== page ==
Want to support your favorite content creators (including me!) just by browsing the web?
MkDocs is a "fast, simple and downright gorgeous" static site generator for turning a collection of Markdown files into a documentation site. Today, I'm going to walk you through how to get MkDocs setup (which isn't hard).
What's The Need?
I stumbled across MkDocs because we had some major staffing changes at work, and I wanted a way to keep track of various processes and SOPs for running the day to day. I initially started just with a folder of markdown files on my computer that I would add to as I came across things that needed documenting.
This worked for a little while but then I needed to be able to share things in the docs with other people at work. I didn't want to have to a lot of time building something. I'm pretty sure I just googled "simple Markdown to HTML" and MkDocs was the first thing that popped up. It was everything I wanted: Simple. Clean. Automatic. Input Markdown Directory. Output HTML Directory. Perfect.
Setting It Up.
Enough rambling on the why, let's talk about the how.
Installation is super easy. They have tons of packages in most of the package managers (apt-get, dnf, homebrew, yum, chocolatey). If you don't use one of those package managers the manual install is also pretty easy.
MkDocs is built with Python and it supports Python versions 3.5, 3.6, 3.7, 3.8, and pypy3. So make sure you have one of those versions installed along with the appropriate version of pip (python's package manager), and then run:
pip install mkdocs
Verify it installed correctly with:
mkdocs --version mkdocs, version 0.15.3
If you're starting fresh, you can just run:
mkdocs new <procject-name> cd <project-name>
If you already have a directory of Markdown files you want to use MkDocs on, you have 2 options. You can either:
- Run the
mkdocs new <project-name>command above and just copy your markdown into the
<project-name>/docsfolder it created
- Create your own
docsfolder in your existing directory and move everything into it that way. Then at the root of your project folder create a
mkdocs.ymlfile, and configure it yourself.
Fire This Bad Boy Up
MkDocs installs with a dev server you can use while updating everything. Make sure your shell is in the
<project-name> folder and run:
mkdocs serve INFO - Building documentation... INFO - Cleaning site directory [I 160402 15:50:43 server:271] Serving on http://127.0.0.1:8000 [I 160402 15:50:43 handlers:58] Start watching changes [I 160402 15:50:43 handlers:60] Start detecting changes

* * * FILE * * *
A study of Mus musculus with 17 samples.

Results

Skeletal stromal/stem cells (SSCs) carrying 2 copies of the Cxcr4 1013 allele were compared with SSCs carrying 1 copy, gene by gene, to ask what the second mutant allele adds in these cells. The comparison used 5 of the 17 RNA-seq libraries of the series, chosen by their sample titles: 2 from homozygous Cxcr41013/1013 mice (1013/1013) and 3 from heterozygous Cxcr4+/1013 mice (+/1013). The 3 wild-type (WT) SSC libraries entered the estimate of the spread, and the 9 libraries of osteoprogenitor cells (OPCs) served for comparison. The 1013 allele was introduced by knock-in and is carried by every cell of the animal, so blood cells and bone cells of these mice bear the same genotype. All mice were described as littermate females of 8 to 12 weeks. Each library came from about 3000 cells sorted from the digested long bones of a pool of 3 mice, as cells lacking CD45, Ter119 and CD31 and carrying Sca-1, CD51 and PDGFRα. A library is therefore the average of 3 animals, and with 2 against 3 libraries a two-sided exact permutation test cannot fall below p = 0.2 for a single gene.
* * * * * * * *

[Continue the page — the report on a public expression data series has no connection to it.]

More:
MkDocs is now watching your directory for changes and building those changes to
http://127.0.0.1:8000. Visit that url in your browser and you're greeted with this:
Configure Your Site
Everything you can configure for your Docs Site goes into the
mkdocs.yml file in the root of the project.
There are about a billion different configuration options for MkDocs, so rather than go through them all I'm going to just link you to the docs site for MkDocs (conveniently built with MkDocs).
Inside your projects
docs folder is where all your Markdown files go.
mkdocs new creates an
index.md file that's converted into the landing page. Include instructions about the docs site here. Telling users what kind of information they'll find here.
Depending on the complexity of your documentation you can add more Markdown files into the
docs folder, or if you need you can create sub-folders, for example
As you flush out your
docs folder, you'll notice the navigation bar at the header is automatically generated:
MkDocs automatically turns Folders into dropdowns, and top level files into links. If you want specific selections in your nav you can configure that in your
mkdocs.yml file by adding the nav option:
site_name: MkDocs Test Site nav: - Home: '../' - 'User Guide': 'user-guide.md' - 'Test Folder': '/test/' - 'External Link': 'https://jackharner.com'
You can link to specific files, folders, or even external links. However, configuring the
nav option will stop MkDocs from automatically generating the nav, so you will have to add any new pages to the menu that you create.
When you're done updating the content and you're ready to deploy, you just run
mkdocs build in the root of your project. Mkdocs generates the files in the
<project-name>/site folder. Copy the entire
site folder somewhere online and you will have a fully featured docs site up and running! Wasn't that easy?!
Since all it uses is Python, it's probably super simple to combine MkDocs with GitHub Actions & GitHub Pages to automatically publish any new changes to the docs site as they get pushed to the repo. (That's a post for another day.)
Let me know what you think about MkDocs
Send me the Docs sites you setup over on Twitter: @JackHarner. I'd love to see them!